The epic is composed by Vyasa, who is one of the
major dynastic characters within the epic. The first section of the
Mahabharata states that it was Lord Ganesh (the elephant-headed god
of the Hindus) who, at the behest of Vyasa, wrote the epic down on
manuscript. Lord Ganesh is said to have agreed, but only on
condition that Vyasa never pause in his recitation. Vyasa then put a
counter-condition that Ganesh understand whatever he recited, before
writing it down.
In this way Vyasa could get some respite from
continuously speaking by saying a verse which was difficult to understand.
This situation also serves as a popular variation on the stories of how
Ganesh's right tusk was broken (a traditional part of Ganesh imagery).
This version attributes it to the fact that, in the rush of writing, the
great elephant-headed divinity's pen failed, and he snapped off his tusk
as a replacement in order that the transcription not be interrupted.
The Mahabharata is thought to have been derived from what was originally a
much shorter work, called Jaya (Sanskrit for Victory). The dating of the
events of this story is unclear. Some people find the events to be
reliably placed in Vedic India (see Kuru). Scholars have studied the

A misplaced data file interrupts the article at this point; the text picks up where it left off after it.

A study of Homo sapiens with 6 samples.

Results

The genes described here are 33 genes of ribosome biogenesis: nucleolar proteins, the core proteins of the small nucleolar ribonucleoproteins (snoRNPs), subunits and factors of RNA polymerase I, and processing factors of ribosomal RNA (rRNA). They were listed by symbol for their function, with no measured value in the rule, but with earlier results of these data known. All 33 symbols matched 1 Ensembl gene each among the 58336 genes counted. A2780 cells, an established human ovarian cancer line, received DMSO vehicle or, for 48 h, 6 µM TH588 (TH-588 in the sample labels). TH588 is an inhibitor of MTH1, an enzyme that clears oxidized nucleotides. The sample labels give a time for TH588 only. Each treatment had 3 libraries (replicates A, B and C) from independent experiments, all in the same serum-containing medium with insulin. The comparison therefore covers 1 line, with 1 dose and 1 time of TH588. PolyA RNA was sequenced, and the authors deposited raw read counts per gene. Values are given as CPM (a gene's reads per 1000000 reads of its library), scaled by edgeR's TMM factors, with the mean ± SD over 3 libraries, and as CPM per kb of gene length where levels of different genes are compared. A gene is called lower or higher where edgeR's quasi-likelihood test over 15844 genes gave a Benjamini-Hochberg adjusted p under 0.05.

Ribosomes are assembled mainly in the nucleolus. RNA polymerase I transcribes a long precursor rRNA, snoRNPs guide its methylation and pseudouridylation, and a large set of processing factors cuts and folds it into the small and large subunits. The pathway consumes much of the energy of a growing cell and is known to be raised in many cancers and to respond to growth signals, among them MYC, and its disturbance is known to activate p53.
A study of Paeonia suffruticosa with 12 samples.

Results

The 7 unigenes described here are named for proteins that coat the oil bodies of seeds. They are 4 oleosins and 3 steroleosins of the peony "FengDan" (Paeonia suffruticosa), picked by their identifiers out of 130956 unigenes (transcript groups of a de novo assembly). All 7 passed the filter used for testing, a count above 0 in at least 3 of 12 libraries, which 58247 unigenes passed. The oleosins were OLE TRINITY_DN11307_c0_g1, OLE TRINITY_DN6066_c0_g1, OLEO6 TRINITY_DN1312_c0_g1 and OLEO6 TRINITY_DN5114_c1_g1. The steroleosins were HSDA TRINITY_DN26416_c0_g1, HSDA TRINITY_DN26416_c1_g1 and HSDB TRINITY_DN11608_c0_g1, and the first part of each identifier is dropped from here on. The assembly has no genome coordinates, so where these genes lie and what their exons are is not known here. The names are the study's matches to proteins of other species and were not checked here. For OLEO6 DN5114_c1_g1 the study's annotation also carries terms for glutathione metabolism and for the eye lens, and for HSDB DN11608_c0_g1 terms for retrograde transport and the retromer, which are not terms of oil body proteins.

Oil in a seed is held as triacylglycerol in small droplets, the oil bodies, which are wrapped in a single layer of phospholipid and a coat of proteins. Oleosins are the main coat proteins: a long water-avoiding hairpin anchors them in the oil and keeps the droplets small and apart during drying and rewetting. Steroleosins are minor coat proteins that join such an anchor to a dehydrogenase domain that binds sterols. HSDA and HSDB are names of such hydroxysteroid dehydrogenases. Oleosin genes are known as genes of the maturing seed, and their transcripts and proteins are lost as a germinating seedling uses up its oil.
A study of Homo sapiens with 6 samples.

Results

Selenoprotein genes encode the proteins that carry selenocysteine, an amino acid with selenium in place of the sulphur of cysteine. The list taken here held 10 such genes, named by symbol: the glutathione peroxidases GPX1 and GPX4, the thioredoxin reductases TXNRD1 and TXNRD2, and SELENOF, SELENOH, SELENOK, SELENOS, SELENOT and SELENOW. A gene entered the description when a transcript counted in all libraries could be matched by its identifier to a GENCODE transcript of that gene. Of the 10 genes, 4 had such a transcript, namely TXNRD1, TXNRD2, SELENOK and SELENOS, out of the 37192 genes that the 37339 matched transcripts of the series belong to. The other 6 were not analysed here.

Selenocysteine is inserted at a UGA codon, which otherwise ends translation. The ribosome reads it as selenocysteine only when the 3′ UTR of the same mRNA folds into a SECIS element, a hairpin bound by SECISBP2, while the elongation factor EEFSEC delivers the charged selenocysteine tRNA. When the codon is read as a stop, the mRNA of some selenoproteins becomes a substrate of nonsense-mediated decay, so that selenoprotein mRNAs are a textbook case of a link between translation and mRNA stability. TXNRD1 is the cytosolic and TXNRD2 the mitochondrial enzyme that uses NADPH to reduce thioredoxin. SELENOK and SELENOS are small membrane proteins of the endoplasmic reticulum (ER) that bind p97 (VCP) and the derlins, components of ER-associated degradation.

astronomical events described in the Mahabharata (such as eclipses) and
have claimed to have dated it to around 1478 BCE or alternatively 3106
BCE. Linguistically, the language of the Mahabharata is classified as
"Epic" Sanskrit, the oldest stratum post-dating late Vedic Sanskrit,
dating to perhaps the 4th century BCE. Other estimates place it between
200 BCE and 200 CE. However, it is significant to realize that the debate
about dating the 'events' of the Mahabharata is secondary to the
importance of the text in Classical Sanskrit literature and culture.
Like much of other early Indian literature, it was often transmitted by
oral means through the generations. This made it easier for additional
episodes and stories to be interpolated within it. It also resulted in
regional variations developing. However, the variation has in most cases
been in the new additions, and not in the original story.
Many scholars in recent times have viewed Ramayana as an
ethnically-induced conflict between the indigenous conquered Dravidian
peoples and the established Indo-Aryan peoples; hence the text favoring
the Aryan's over the Dravidians. Hence, The Mahabharata can be seen as a
civil war between the Indo-Aryan kings.